Statistical Arbitrage

Statistical Arbitrage or StatArb is an arbitrage strategy in which an investor benefit when statistical mispricing occurs between a set of securities, futures or derivatives on two different exchanges at different prices.

The first step is to identify the two securities, derivatives or futures that are not following a constant pattern with the assumption that prices of instruments will always move in a definite pattern in the near future.

The next step is to long the undervalued security and short the overvalued one. Suppose there are two stocks A and B- say A underperforming B – arbitrageurs will buy or long A and sell or short B.

The arbitrage strategy expects that eventually the two stocks will return to the constant pattern. The understanding of advance software programming and stock market is important to capitalize on gains and to generates potential pairs stocks.

The arbitrageurs should compare price, size, price-earnings ratio (P/E ratio), price-book ratio (P/B ratio), total sales, debt levels, and dividends for a set of stocks.  

The arbitrageurs should consider stocks in each pair from same sector and invest an equal amount of money in each stock. If you create a portfolio with 50-60 pairs, than 20% of the pairs should represent same sector. Suppose you have a portfolio with 50-60 pairs, at least 10-12 pairs should represent same sector and no more than 20% of money should be allocated to each sector. The diversification across pairs can help reduce the risk for your overall portfolio.

Types of Statistical Arbitrage

1. Volatility Arbitrage: Volatility Arbitrage (or vol arb) is a type of statistical arbitrage that is implemented through a delta neutral  portfolio of an option and its underlier. The aim is take advantage of differences between the option’s implied volatility, and a forecast of the underlier’s future realized volatility.

According to Wikipedia: “The traders attempt to buy volatility when it is low and sell volatility when it is high.  If a trader buys options as part of a delta-neutral portfolio, he is said to be long volatility. If he sells options, he is said to be short volatility.  As the trading is done delta-neutral portfolio, buying an option suggest that the underlier’s future realized volatility will be high, while selling an option suggest that future realized volatility will be low.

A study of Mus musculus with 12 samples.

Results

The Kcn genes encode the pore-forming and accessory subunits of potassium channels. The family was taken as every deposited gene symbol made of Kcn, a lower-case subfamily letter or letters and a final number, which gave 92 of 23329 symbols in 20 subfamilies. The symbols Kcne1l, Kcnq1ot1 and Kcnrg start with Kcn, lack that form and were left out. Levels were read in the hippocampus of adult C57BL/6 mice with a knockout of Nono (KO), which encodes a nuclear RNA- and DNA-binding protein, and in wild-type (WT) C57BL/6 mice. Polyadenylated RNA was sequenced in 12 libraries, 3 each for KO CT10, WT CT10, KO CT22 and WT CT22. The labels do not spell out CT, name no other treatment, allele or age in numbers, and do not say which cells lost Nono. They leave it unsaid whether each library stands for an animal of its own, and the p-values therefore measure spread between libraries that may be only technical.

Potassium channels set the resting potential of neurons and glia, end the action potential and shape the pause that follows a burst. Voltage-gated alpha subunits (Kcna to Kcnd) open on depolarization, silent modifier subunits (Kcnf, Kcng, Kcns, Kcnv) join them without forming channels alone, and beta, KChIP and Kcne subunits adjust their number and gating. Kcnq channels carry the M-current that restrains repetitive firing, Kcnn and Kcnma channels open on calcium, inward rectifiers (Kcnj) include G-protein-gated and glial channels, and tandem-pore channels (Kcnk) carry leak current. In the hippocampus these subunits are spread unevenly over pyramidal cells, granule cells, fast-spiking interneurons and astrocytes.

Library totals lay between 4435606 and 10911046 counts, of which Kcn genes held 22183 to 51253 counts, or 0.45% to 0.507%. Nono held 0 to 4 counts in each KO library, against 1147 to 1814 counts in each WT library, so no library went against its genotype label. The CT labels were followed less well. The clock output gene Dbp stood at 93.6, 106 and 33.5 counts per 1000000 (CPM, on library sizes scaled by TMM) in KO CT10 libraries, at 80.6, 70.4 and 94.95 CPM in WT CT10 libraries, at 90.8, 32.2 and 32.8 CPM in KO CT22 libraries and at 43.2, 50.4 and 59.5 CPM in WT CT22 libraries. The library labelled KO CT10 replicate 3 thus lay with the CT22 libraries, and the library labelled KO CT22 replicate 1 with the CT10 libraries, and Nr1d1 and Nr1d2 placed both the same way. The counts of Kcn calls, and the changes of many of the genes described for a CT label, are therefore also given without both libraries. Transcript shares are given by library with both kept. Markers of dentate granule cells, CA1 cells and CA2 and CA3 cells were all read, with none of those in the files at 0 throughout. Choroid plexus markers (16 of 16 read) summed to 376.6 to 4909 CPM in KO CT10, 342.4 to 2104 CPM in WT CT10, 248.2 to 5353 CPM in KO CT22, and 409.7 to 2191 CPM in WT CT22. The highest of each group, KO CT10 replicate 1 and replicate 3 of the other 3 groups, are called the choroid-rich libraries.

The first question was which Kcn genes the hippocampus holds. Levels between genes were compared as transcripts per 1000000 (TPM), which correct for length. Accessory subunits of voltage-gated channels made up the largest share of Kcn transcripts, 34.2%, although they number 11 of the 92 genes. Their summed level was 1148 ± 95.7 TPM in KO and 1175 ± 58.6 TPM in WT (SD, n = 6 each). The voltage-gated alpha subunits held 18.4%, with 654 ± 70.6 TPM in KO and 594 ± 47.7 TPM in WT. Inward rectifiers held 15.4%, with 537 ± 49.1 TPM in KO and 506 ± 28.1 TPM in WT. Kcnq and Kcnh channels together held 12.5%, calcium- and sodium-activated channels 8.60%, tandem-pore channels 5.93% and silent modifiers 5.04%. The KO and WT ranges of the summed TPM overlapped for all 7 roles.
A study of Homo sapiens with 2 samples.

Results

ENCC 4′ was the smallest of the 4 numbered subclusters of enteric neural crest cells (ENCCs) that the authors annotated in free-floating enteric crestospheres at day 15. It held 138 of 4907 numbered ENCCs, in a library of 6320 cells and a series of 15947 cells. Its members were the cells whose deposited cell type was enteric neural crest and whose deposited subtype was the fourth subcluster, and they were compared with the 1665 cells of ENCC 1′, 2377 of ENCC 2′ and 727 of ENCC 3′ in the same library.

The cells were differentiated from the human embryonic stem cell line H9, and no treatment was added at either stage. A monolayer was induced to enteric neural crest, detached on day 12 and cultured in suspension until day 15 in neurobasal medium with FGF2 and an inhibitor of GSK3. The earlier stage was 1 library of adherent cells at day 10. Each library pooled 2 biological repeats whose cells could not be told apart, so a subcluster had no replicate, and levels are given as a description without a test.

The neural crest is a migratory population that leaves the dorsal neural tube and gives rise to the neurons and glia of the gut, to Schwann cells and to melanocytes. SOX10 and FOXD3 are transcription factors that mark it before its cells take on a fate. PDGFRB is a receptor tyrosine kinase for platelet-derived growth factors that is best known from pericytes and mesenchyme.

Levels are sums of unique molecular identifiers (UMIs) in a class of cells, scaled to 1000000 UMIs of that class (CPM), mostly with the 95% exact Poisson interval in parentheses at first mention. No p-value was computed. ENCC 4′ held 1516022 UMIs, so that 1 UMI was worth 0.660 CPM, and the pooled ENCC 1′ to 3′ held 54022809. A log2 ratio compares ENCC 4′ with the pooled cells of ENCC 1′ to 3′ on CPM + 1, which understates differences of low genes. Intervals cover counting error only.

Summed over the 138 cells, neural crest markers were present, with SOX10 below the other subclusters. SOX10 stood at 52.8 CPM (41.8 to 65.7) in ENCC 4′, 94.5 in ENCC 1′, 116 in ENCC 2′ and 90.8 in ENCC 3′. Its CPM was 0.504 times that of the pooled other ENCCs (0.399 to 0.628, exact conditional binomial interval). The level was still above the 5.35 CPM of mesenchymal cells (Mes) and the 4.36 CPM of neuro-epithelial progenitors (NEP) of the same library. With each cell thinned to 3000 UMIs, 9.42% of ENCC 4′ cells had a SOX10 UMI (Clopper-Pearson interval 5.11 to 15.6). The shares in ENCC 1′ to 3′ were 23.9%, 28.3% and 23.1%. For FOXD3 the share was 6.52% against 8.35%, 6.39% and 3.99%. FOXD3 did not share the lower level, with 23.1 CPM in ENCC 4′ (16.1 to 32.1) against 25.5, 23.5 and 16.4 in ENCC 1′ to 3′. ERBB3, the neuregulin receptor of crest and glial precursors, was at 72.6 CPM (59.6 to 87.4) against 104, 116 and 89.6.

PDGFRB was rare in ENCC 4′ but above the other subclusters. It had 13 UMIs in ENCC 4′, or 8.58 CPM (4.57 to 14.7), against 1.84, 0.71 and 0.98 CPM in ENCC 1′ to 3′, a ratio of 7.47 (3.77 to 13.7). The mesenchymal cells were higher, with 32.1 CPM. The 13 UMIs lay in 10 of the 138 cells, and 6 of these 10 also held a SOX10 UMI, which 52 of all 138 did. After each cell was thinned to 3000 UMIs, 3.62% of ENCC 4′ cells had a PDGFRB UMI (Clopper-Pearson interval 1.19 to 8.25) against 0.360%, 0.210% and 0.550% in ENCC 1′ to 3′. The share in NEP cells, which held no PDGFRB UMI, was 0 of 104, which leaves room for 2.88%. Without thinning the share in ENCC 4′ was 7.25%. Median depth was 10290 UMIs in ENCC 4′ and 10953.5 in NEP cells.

Assume a call option is trading at $1.90 with the underlier’s price at $45.50 and is yielding an implied volatility of 17.5%. A short time later, the same option might trade at $2.50 with the underlier’s price at $46.36 and be yielding an implied volatility of 16.5%. Even though the option’s price is higher at the second measurement, the option is still considered cheaper because the implied volatility is lower. This is because the trader can sell stock needed to hedge the long call at a higher price.”

2. Liquidation Arbitrage: Liquidation arbitrage is a strategy to exploit the difference between a company’s current value and its estimated liquidation value.  

3. Risk Arbitrage or Merger Arbitrage: An arbitrage strategy in which  arbitrageur exploit the discrepancy between the market prices of the stocks of two firms being merged. It usually involves buying the stock  of the acquiree firm and simultaneously selling the stock of the acquirer firm. When the merger occurs, the stock of the acquirer firm decreases slightly, and the stock of the acquiree firm increases significantly.

Suppose company A is trading at $40 a share. Then company X announces that they plan to buy it, in which case holders of stock get $80. Then the stock jumps to $70. It does not go to $80 since there is some chance the deal will not go through. Here the odds are 25% that it does not (assuming the stock is worth $40 in that case). The convergence trade is that the deal will go through and the stock really is worth $80. Here the person playing gains $10 if he is right, but loses $30 if he is wrong.

There are two types of merger, a cash merger and a stock merger.

1. Cash merger: In a cash merger, an acquirer proposes to purchase the shares of the target for a certain price in cash. Until the acquisition is completed, the stock of the target typically trades below the purchase price. An arbitrageur buys the stock of the target and makes a gain if the acquirer ultimately buys the stock.

2. Stock Merger: In a stock merger, the acquirer proposes to buy the target by exchanging its own stock for the stock of the target. An arbitrageur may then short sell the acquirer and buy the stock of the target. This process is called “setting a spread.” After the merger is completed, the target’s stock will be converted into stock of the acquirer based on the exchange ratio determined by the merger agreement. The arbitrageur delivers the converted stock into his short position to complete the arbitrage.